So You Want to Form a Company, What Now?

So you want to form a company, but you’re not sure about all the different types of business structures? It’s a problem that millions of Americans have every year, and without the right direction or knowledge it can be a treacherous situation. The following information will attempt to explain the various types of Business structures that are available to the citizens of South Carolina.


Sole Proprietorship

The sole proprietorship is a simple informal structure that is inexpensive to form. It is usually owned by a single person or a marital relationship. The owner operates the business, is personally liable for all business debts, can freely transfer all or part of the business, and can report profit or loss on personal income tax returns using the Schedule C.


C Corporation

This is a complex business structure with more start-up costs than most other forms. A corporation is a legal entity separate from its owners, who own shares of stock in the company. It can be created for profit or nonprofit purposes, and may be subject to increased licensing fees and more government regulation than other forms. Profits are subject to income tax at both the corporate level and again when distributed to shareholders.


Shareholders are not personally liable for corporate obligations unless corporate formalities have not been observed. Corporate formalities include: issuing stock certificates, holding annual meetings, recording the minutes of the meetings, electing directors or ratifying the status of existing directors. Corporation formation must be assisted by a qualified attorney.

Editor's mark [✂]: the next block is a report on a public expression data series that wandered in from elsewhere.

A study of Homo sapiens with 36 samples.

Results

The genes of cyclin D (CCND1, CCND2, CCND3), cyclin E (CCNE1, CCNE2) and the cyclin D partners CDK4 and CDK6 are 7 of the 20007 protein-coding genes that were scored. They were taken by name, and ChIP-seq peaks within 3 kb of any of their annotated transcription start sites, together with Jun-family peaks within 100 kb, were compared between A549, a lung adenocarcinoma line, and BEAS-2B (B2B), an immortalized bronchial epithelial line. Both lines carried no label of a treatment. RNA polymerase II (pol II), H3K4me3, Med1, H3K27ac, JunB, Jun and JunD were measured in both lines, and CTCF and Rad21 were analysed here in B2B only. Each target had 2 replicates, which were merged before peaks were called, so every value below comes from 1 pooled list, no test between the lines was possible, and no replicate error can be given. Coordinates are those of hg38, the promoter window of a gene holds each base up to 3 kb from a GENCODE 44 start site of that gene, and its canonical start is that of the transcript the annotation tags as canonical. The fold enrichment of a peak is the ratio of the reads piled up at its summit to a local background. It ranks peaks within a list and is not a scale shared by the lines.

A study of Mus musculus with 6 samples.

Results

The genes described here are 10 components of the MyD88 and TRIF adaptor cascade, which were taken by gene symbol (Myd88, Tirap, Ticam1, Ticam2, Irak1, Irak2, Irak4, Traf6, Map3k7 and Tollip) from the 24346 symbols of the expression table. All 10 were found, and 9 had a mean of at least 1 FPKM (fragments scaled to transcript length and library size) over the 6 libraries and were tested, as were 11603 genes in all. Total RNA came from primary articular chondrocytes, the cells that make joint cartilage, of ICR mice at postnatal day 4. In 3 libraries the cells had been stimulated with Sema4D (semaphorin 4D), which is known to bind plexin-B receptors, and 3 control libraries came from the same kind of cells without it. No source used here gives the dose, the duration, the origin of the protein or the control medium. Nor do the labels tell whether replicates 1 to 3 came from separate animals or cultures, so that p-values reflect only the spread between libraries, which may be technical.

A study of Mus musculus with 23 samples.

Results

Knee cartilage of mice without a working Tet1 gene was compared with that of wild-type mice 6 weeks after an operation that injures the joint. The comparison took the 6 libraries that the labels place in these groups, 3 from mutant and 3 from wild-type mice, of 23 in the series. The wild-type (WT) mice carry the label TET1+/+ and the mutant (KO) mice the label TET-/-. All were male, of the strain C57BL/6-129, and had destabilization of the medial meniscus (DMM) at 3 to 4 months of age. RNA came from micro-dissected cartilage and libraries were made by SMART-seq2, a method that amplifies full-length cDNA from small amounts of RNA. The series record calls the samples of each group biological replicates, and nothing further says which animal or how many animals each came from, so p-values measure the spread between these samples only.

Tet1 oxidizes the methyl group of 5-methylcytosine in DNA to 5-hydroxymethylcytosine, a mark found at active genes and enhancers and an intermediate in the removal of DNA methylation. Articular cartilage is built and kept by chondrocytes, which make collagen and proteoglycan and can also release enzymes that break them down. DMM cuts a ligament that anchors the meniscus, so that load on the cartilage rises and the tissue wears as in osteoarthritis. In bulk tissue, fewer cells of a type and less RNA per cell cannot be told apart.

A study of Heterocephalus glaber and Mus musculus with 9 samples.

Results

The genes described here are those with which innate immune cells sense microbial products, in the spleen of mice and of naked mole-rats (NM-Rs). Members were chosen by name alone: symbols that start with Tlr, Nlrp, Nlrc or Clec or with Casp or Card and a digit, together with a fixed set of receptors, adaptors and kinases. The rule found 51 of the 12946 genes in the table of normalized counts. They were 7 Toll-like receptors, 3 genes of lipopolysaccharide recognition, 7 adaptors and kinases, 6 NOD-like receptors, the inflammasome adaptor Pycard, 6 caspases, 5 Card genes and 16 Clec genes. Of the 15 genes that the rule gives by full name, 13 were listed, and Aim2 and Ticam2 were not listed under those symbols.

S Corporation

This structure is identical to the C Corporation in many ways, but offers avoidance of double taxation. If a corporation qualifies for “S” status with the IRS, it is taxed like a partnership. This means the corporation is not taxed, but the income flows through to the shareholders who report the income (their share) on their individual returns.


General Partnership

Partnerships are inexpensive to form. They require an agreement between two or more individuals or entities to jointly own and operate a business. Profit, loss and managerial duties are shared among the partners, and each partner is personally liable for partnership debts.


Partnerships do not pay income tax, but must file an informational return, while individual partners report their share of profits and losses on their personal return.  Short term partnerships are also known as joint ventures.


Limited Partnership

Limited partnerships are a partnership that have both limited and general partners. The general partner is liable for debts of the partnership and assumes management responsibility.  The limited partner typically has little voice and looks more like a shareholder. This agreement is often looked at as a hybrid between partnership and sole proprietorship for tax and like a corporation for liability.



Limited Liability Company (LLC)

The LLC is generally considered the most advantageous for small businesses because it combines the limited personal liability feature of a corporation with the tax advantage of a partnership or sole proprietorship.


It is important to note that LLCs in South Carolina are automatically dissolved upon the death of any member (owner). This may be avoided by stating in the membership agreement that “The company (LLC) is not dissolved upon the death of any member.”


LLCs must indicate whether they will be member-managed or manager-managed.  Typically, multi-member LLCs are encouraged to put in the member agreement an exit plan or buy-out agreement. This is easy to do when the LLC is created, and can be very difficult when a member begins to entertain thoughts of leaving the company.


Every single one of these business structures offers various advantages and potentially influential disadvantages. It’s important that you sit down with a knowledgeable attorney who can explain and advise you on the best course of action that would be applicable in your business venture. You should speak with an experienced Greer, South Carolina attorney regarding these issues.

King Law Offices is a full service law firm with an outstanding team of professionals who work diligently, creatively and compassionately on behalf of our clients each day.  We serve the Upstate of South Carolina and Western North Carolina.  Call 888-748-KING (5464) today for a free consultation.